Committee Chairman Lamar Alexander (R-Tenn.) said before the vote that Hahn is “exactly the type of nominee” that should lead the FDA, citing his management and research experience.
But Sen. Patty Murray (D-Wash.), the panel’s ranking Democrat, voted against Hahn, saying during his confirmation hearing last month he had “refused to commit to implementing a strong policy to clear nontobacco e-cigarettes” from the market — a step President Trump promised in September but has not finalized. Other Democrats split, with some voting for Hahn’s confirmation and others voting against him.
The timing of the full Senate vote isn’t known but Alexander has said he hoped Hahn would be confirmed by the end of the year.
During his confirmation hearing, Hahn ducked questions from senators unhappy about the Trump administration’s failure to prohibit flavored e-cigarettes. Hahn said he was alarmed by 2019 data showing that almost 28 percent of high schoolers have vaped in the last 30 days, but said he didn’t want to prejudge the administration’s e-cigarette policy because he hasn’t been involved in developing it. He vowed to use “science and data” to address that issue and others.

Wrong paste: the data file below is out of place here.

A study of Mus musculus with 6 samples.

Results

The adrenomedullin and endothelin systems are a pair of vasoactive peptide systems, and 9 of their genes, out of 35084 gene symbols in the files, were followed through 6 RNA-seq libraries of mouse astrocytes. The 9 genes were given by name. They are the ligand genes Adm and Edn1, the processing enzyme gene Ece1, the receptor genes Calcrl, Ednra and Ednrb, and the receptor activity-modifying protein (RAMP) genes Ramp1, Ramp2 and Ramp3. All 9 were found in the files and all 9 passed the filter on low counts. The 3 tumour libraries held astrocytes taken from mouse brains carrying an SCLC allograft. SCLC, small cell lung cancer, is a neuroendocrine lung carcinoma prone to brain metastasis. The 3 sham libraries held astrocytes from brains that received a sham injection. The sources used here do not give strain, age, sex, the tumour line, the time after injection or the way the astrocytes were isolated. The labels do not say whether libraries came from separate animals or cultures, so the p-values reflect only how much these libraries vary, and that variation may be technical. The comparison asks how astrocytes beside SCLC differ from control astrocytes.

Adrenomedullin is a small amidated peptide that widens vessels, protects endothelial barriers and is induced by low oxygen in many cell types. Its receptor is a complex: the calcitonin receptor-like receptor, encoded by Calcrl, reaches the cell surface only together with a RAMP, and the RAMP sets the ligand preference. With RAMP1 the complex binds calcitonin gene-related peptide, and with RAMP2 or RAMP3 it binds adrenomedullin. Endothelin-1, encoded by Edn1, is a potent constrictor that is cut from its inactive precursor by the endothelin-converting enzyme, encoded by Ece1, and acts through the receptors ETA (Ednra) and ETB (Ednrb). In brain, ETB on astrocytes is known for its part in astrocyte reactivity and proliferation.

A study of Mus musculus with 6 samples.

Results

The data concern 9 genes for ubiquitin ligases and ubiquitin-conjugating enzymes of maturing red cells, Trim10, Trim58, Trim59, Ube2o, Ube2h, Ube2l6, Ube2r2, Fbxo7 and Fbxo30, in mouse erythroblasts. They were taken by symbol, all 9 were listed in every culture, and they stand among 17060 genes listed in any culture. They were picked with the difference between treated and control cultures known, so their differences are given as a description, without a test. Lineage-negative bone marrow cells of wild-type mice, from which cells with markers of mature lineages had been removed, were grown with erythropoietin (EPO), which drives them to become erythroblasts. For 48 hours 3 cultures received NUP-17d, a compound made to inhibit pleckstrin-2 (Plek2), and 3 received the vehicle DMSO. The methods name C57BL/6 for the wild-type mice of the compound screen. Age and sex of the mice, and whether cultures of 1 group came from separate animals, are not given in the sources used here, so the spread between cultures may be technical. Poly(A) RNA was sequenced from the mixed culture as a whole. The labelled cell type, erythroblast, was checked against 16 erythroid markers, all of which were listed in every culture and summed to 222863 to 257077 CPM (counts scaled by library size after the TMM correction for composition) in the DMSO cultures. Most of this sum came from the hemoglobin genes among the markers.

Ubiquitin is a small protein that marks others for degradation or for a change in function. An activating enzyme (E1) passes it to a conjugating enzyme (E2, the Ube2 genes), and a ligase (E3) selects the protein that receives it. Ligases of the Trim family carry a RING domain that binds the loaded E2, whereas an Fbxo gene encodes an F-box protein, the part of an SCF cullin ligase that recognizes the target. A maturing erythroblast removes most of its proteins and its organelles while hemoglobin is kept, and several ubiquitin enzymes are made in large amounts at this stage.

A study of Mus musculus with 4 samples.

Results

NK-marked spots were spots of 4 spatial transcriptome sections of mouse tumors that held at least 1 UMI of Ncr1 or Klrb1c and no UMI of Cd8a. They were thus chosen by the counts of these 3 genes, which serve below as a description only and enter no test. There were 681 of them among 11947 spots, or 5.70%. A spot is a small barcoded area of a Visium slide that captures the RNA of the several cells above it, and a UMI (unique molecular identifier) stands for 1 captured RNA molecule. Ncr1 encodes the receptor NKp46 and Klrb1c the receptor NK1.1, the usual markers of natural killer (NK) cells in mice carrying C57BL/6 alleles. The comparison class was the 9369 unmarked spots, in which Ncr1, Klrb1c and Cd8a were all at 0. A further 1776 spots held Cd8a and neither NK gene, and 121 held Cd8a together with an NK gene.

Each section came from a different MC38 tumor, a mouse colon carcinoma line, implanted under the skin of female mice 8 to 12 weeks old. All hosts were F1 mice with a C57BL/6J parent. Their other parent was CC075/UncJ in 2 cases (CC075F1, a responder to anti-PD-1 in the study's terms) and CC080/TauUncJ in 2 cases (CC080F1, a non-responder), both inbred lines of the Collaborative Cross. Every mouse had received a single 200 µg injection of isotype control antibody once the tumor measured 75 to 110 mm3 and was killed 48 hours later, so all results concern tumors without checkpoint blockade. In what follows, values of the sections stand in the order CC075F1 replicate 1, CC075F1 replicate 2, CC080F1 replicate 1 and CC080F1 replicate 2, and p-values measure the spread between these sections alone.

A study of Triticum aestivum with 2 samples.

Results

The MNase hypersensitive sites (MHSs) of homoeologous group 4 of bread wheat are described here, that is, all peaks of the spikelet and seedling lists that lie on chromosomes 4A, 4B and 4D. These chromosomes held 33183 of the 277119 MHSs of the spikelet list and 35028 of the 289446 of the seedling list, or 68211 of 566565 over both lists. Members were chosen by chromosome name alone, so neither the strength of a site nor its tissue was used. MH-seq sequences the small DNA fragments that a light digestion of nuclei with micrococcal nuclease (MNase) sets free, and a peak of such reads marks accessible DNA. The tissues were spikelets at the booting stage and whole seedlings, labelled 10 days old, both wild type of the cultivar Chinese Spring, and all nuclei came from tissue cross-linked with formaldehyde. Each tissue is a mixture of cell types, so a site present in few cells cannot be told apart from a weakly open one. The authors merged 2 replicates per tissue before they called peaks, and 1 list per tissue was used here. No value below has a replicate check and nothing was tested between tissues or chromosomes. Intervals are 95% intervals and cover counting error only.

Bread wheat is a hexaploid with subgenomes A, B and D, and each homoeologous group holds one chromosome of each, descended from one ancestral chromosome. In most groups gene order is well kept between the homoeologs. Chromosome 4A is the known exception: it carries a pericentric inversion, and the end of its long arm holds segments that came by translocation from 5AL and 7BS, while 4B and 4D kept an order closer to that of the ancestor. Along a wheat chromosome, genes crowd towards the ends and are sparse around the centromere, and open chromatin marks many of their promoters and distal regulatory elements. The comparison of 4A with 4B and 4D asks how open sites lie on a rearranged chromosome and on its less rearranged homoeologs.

In a letter Monday, 28 members of Congress asked Trump to remove flavored e-cigarettes from the market until they are cleared by the FDA. Vaping advocates have argued that a flavor ban would hurt adults using e-cigarettes to quit smoking and that youth use should be reduced in other ways, such as by restricting where the products are sold.
Dozens of medical, patient and research groups on Monday urged his quick confirmation, saying the agency needs a permanent commissioner. But a leading tobacco-control group, Campaign for Tobacco-Free Kids, said Hahn shouldn’t be confirmed until the administration issues a vaping policy.
The Trump administration’s first FDA head, Scott Gottlieb, stepped down in April and was replaced by acting commissioner Norman “Ned” Sharpless. Last month, Sharpless returned to his previous post as director of the National Cancer Institute, and Brett Giroir, a top official at the Department of Health and Human Services, succeeded him as acting FDA commissioner.